Vermonters have a lot to smile about.  According to the National Survey of Children’s Health, Vermont ranks first in kids with no dental health problems. And, we’re the second healthiest state in the U.S., according to the United Health Foundation. We’re healthy and happy – and that’s something to be proud of.

But, we can do even more to improve Vermonters’ dental health. Read the full Action for Dental Health below.


Vermonters have a lot to smile about.
  According to the National Survey of Children’s Health, Vermont ranks first in kids with no dental health problems. And, we’re the second healthiest state in the U.S., according to the United Health Foundation. We’re healthy and happy – and that’s something to be proud of.

But, we can do even more to improve Vermonters’ dental health.

Across the nation, nearly one in four children under age five already has cavities, according to the CDC. Nearly half of adults over age 30 suffer from some form of gum disease. Research has shown possible associations between gum disease and other health conditions like heart disease, stroke, premature births and low birth weight, and proven links between gum disease and diabetes.

That’s why Vermont’s community dentists are committed to expanding our system of care to ensure Vermonters are receiving the oral health services they need, when they need them and at a cost they can afford.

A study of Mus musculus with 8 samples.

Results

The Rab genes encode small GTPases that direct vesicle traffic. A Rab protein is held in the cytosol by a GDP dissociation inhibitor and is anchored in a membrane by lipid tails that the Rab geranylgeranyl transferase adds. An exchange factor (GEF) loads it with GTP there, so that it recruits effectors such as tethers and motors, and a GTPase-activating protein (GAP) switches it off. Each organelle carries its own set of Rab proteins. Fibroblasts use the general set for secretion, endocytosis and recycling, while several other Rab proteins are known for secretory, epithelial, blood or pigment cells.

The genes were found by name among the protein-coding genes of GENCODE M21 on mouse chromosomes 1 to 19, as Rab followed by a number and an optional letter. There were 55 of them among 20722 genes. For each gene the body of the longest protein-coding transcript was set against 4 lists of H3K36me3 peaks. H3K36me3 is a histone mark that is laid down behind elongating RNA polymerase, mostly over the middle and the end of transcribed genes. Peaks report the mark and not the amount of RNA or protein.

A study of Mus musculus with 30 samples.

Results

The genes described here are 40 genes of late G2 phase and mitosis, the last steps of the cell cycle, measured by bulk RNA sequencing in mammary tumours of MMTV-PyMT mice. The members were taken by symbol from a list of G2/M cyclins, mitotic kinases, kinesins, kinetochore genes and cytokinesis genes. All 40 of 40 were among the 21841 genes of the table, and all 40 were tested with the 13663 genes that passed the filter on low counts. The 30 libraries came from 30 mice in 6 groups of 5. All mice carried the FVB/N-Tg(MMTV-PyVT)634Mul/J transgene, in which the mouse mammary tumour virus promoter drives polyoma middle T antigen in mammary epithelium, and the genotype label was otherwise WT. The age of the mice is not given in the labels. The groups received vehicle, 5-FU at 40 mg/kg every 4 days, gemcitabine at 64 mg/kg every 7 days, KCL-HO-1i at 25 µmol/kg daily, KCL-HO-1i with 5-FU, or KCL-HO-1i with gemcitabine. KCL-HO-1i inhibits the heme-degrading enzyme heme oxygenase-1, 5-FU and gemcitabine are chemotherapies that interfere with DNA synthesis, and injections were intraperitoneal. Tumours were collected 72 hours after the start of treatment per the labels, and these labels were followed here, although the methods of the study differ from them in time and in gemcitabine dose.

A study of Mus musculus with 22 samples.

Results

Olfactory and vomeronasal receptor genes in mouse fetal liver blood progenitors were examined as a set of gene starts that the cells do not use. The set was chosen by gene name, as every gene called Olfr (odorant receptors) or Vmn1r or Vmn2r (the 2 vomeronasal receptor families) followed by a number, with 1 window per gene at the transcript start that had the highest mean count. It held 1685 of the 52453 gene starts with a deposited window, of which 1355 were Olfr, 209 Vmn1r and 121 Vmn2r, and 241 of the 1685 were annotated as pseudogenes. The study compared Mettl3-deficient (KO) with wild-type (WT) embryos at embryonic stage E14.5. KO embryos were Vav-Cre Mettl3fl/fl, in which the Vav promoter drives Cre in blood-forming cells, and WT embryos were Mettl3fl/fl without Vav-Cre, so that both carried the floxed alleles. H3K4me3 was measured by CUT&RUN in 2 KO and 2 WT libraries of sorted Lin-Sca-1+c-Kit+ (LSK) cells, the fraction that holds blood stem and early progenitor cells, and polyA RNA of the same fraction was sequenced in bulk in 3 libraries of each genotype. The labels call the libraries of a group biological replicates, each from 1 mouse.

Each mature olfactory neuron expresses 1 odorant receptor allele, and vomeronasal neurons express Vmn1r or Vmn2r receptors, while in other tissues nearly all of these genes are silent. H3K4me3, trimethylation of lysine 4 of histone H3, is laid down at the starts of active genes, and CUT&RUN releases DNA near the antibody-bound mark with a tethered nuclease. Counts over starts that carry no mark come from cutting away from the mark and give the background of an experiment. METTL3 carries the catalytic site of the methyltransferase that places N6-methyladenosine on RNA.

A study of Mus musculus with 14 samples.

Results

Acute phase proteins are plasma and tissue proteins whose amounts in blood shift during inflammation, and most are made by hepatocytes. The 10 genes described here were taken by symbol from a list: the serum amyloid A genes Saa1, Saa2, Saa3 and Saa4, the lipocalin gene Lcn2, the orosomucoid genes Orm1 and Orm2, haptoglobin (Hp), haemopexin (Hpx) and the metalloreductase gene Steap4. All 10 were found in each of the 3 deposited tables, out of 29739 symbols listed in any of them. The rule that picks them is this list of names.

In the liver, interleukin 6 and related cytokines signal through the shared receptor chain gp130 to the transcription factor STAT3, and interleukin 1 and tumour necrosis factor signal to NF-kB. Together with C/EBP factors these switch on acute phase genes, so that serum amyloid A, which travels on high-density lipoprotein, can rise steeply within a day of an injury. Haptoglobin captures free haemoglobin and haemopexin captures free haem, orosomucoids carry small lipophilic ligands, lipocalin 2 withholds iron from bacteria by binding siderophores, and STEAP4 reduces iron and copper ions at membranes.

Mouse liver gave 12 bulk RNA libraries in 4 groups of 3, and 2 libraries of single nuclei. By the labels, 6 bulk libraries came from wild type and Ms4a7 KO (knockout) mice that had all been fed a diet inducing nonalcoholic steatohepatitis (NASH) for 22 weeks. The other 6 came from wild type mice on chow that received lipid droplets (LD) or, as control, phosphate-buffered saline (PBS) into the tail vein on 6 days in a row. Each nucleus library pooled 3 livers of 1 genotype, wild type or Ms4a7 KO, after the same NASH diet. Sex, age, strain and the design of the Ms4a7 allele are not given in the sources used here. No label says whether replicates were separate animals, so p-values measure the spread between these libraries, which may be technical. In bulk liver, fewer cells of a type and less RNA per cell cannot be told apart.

Through the Vermont Action for Dental Health plan our focus is on promoting education and prevention, as well as expanding dental care in underserved communities, schools, nursing homes and federally qualified health centers. 

Our approach recognizes and addresses the social, cultural and economic barriers Vermonters may face when seeking dental care. This set of solutions includes only programs and policies that have measurable and proven results.

For example, a key solution for underserved communities is the expansion of the community dental health coordinator (CDHC) program. A recent pilot program in Vermont showed CDHCs could increase the number of low-income patients receiving care by 20 percent by linking underserved communities with dental care.  The other initiatives included in Vermont Action for Dental Health are similarly designed – with proven methods at their core.